Out-of-pocket health costs up, according to study
Family out-of-pocket health care costs rose at a much higher rate than income between 1996 and 2002, according to Commonwealth Fund research. As a result, by 2002 nearly 15% of families experienced high out-of-pocket costs relative to their incomes. That represents some 18 million families or 35 million individuals nationwide with high health care costs relative to income. Adding premiums to out-of-pocket costs for medical care, nearly one-quarter of all families devoted high levels of their total income to health care in 2002, representing some 27 million families.
Researcher Mark Merlis says the dramatic rise in out-of-pocket health care spending, which increased an average of 35% between 1996 and 2002, far outpaced the 20% increase in average family income during that time period. Mr. Merlis tells State Health Watch his research followed a similar study he did several years ago.
“People are paying on average roughly the same share for health care services as they did in 1996,” he says. “The problem is that medical spending is growing much faster than income so the burden is increasing.”
The researchers defined high health care costs as equal to 10% or more of income for all families, or 5% or more of income for a low-income family (below 200% of the federal poverty level). Out-of-pocket costs are defined as deductibles, coinsurance, or copayments, and payments for services not covered by insurance. Family health care costs are defined as out-of-pocket costs for health services plus premiums paid by families, including single individuals.
The proportion of families having high out-of-pocket spending was highest among elderly families. But it also was notably high and rising among nonelderly families with low and modest incomes. As of 2002, 41% of nonelderly families with incomes under twice the federal poverty level spent more than 5% of their income on out-of-pocket costs and premiums.
Mr. Merlis says while uninsured families are more likely to experience high out-of-pocket costs, insured families also are at risk. Among families who have private coverage, 36% of low-income families had high out-of-pocket spending when considering just medical care bills. Adding premiums, some 65% of these privately insured families spent a high share of their income on medical care and insurance.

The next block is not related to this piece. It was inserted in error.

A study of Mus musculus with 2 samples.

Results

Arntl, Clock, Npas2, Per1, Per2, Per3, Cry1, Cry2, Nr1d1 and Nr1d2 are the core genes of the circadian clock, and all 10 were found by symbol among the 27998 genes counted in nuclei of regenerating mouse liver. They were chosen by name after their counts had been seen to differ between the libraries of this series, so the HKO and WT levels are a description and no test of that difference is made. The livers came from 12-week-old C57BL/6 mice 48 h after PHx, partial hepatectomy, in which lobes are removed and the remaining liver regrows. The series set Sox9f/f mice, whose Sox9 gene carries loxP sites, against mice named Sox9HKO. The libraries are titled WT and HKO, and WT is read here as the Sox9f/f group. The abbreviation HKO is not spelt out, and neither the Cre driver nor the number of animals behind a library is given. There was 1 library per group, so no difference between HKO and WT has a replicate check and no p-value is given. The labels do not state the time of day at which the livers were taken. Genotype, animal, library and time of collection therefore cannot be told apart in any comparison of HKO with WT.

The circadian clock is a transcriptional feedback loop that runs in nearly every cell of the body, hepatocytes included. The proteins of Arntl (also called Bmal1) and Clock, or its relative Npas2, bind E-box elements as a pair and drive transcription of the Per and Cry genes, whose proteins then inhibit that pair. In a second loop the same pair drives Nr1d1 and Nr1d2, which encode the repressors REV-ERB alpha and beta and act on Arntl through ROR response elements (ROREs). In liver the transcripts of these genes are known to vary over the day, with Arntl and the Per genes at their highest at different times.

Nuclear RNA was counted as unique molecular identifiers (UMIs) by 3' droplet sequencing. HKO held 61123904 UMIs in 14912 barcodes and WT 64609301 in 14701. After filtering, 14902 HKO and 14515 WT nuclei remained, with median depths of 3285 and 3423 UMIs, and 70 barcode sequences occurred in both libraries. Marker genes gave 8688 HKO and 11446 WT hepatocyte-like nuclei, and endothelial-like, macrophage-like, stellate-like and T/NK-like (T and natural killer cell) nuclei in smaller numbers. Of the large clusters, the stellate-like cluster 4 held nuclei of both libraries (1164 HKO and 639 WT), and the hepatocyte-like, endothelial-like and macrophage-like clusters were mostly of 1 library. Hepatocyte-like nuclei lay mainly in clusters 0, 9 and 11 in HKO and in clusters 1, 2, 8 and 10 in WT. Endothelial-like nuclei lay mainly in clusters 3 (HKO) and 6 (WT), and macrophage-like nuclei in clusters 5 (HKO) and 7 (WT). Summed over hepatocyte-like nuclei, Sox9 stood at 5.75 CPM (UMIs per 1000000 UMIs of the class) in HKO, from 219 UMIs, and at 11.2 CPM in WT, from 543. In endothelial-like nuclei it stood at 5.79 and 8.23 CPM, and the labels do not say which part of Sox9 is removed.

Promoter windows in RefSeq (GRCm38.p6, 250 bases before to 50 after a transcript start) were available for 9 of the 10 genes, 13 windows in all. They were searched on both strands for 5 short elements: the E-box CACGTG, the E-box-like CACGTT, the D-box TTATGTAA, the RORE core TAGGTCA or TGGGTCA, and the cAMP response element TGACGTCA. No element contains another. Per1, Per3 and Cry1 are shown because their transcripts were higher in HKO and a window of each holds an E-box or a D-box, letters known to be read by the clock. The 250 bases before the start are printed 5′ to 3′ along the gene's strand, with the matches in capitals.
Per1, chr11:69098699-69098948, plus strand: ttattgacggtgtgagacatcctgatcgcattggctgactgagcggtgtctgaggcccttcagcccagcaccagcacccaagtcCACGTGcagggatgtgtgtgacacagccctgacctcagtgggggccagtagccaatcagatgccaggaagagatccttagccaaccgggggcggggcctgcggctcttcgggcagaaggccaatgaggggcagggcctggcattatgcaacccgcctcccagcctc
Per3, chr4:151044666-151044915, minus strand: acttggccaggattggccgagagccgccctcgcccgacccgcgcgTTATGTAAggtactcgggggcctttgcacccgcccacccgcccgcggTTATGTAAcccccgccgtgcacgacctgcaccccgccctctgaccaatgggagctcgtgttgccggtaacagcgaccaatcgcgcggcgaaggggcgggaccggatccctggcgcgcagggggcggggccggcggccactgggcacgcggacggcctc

Facing an untenable choice
“Today, families with low or modest incomes who are able to buy at least some health insurance coverage face an untenable choice: either stretch their budgets to take on unaffordable premiums for insurance that will protect their family and assure access to care, or purchase a plan that exposes them to very high costs and hope nobody gets sick,” said Commonwealth Fund president Karen Davis. “Meanwhile, since 2000, an additional 6 million adults have lost insurance altogether, increasing the total number of uninsured to 46 million. We need a fundamental change to our health care system to bring health and economic security to all Americans.”
Mr. Merlis says the rapid increase in premiums and cost-sharing in employer coverage since 2002 signals a trend that means many more families, especially low-income families, will need to devote a steadily larger share of their budgets to health care. He said the consequences can include reduced access to care, loss of insurance, and increased medical debt or bankruptcy.
“While changing incentives for consumers may play some part in the solution to growing health care costs, it is also vital to assure that the most vulnerable families are adequately protected against the risk of unsustainable medical bills,” Mr. Merlis says.
He tells SHW out-of-pocket expenses are one measure of the financial burden that families face in paying for medical care. “People with serious problems are being hit hard in the current system,” Mr. Merlis says. “With interest growing in health savings accounts and other things that call on people to increase their out-of-pocket payments for medical care, it’s important that we not lose sight of those who are already being hit hard under the current system.”
[Mr. Merlis may be contacted at (215) 862-9450.]